Alan Flurry

new report from the National Academies of Sciences, Engineering, and Medicine says that assessing the success of the nation’s largest ecological restoration investment effort will require continued improvements in data collection and synthesis and coordination across the Gulf of Mexico region.

The April 2010 Deepwater Horizon platform explosion and oil spill seriously damaged Gulf of Mexico ecosystems from Texas to Florida. The resulting civil and criminal claims, fines, and penalties included over $16 billion to be used for economic and environmental restoration activities. The unprecedented number and diversity of these activities provide a rich body of evidence that can inform future planning, monitoring, and assessment, according to An Approach for Assessing U.S. Gulf Coast Ecosystem Restoration: A Gulf Research Program Environmental Monitoring Report.

Moving beyond project-level assessment presents novel challenges, particularly in the context of a restoration effort that encompasses a large number of activities across such a broad geographic area. Individual projects can interact with each other in ways that are mutually reinforcing or, alternatively, in conflict. The effects of environmental background trends on restoration efforts, such as those associated with climate change, further complicate these assessments. Understanding the effectiveness of restoration at a Gulf-wide level, therefore, will require supplementing traditional project evaluation methodologies with new approaches, says the report.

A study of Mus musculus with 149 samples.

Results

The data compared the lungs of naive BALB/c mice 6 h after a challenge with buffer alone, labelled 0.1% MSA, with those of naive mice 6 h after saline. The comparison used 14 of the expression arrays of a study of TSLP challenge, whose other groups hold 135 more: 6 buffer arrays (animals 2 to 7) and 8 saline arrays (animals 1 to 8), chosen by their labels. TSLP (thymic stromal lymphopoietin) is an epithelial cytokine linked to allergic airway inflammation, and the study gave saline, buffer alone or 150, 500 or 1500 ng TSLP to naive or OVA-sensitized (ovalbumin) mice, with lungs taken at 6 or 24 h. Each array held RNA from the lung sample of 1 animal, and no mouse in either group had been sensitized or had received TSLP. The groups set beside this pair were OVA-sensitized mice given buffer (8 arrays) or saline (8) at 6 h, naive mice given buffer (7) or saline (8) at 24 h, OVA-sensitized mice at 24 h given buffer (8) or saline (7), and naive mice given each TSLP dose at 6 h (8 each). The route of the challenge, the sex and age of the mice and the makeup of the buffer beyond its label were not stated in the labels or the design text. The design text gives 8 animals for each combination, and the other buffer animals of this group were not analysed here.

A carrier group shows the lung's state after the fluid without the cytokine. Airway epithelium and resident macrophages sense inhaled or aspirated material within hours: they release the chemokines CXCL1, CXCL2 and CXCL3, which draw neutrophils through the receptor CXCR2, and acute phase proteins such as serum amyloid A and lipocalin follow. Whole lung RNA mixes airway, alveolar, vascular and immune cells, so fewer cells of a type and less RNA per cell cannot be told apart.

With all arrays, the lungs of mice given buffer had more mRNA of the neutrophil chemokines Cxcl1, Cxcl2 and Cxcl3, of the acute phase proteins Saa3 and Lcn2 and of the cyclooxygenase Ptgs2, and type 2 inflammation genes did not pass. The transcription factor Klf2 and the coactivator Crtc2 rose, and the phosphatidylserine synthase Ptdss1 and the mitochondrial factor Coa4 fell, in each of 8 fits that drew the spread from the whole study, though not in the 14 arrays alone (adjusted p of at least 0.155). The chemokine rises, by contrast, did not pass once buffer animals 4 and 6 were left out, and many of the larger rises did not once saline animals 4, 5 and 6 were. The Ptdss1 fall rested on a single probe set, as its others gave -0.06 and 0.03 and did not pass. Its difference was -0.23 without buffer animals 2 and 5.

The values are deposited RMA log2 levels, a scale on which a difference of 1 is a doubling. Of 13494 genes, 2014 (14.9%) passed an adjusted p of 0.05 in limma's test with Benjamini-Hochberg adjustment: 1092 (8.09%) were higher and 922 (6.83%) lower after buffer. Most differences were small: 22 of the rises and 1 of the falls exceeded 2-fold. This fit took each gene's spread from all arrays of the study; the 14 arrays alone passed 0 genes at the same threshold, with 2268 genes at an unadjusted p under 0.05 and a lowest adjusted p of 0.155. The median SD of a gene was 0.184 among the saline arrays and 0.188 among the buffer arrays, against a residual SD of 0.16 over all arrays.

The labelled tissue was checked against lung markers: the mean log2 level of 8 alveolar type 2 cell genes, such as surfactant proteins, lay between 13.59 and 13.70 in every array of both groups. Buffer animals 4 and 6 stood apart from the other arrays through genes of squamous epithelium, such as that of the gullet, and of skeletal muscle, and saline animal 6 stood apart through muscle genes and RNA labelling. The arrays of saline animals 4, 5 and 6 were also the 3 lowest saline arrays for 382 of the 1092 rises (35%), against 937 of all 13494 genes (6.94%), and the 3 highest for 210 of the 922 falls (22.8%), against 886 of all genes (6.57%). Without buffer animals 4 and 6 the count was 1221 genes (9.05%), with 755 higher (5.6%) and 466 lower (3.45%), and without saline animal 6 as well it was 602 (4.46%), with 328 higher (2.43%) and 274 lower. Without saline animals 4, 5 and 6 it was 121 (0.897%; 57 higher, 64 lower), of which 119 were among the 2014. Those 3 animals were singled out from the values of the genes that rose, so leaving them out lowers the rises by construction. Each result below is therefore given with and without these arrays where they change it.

For example, using diverse sources of information to develop “multiple lines of evidence” provides a promising avenue for evaluating restoration efforts at a regional scale. Furthermore, standardizing approaches to data collection, analysis, and reporting to support effective synthesis will better enable adaptive management approaches, which are needed to effectively implement restoration strategies against the backdrop of long-term environmental trends such as sea level rise, increasing hurricane intensity, and rising water temperatures.

“In this report, we propose a new framework for assessing the cumulative impact of multiple ecosystem restoration projects within the context of long-term environmental change across a large scale in the Gulf of Mexico,” said Deepak Mishra, Merle C. Prunty, Jr. Professor & associate head of the UGA department of geography who served as a member of the National Academy team for two years working on the report. “We also provide guidance on multi-faceted monitoring systems (sensors, platforms, satellites, crowdsourcing) for collecting a wide variety of observational datasets to assess the cumulative impact of these restoration projects funded after the BP oil spill.”

The report emphasizes the challenges of coordination across so many state, federal, and international jurisdictional lines, as the Gulf of Mexico ecosystems cross multiple political boundaries, and provides a series of recommended actions for the organizations tasked with managing the key Gulf restoration and recovery funding streams.

“This is a transformative report that delves into theoretical underpinnings of cumulative impact assessment, provides guidance on monitoring tools and techniques, and is designed to provide a roadmap that can help assure cost-effective and impactful restoration in the Gulf," Mishra said.

See the full release from the National Academies.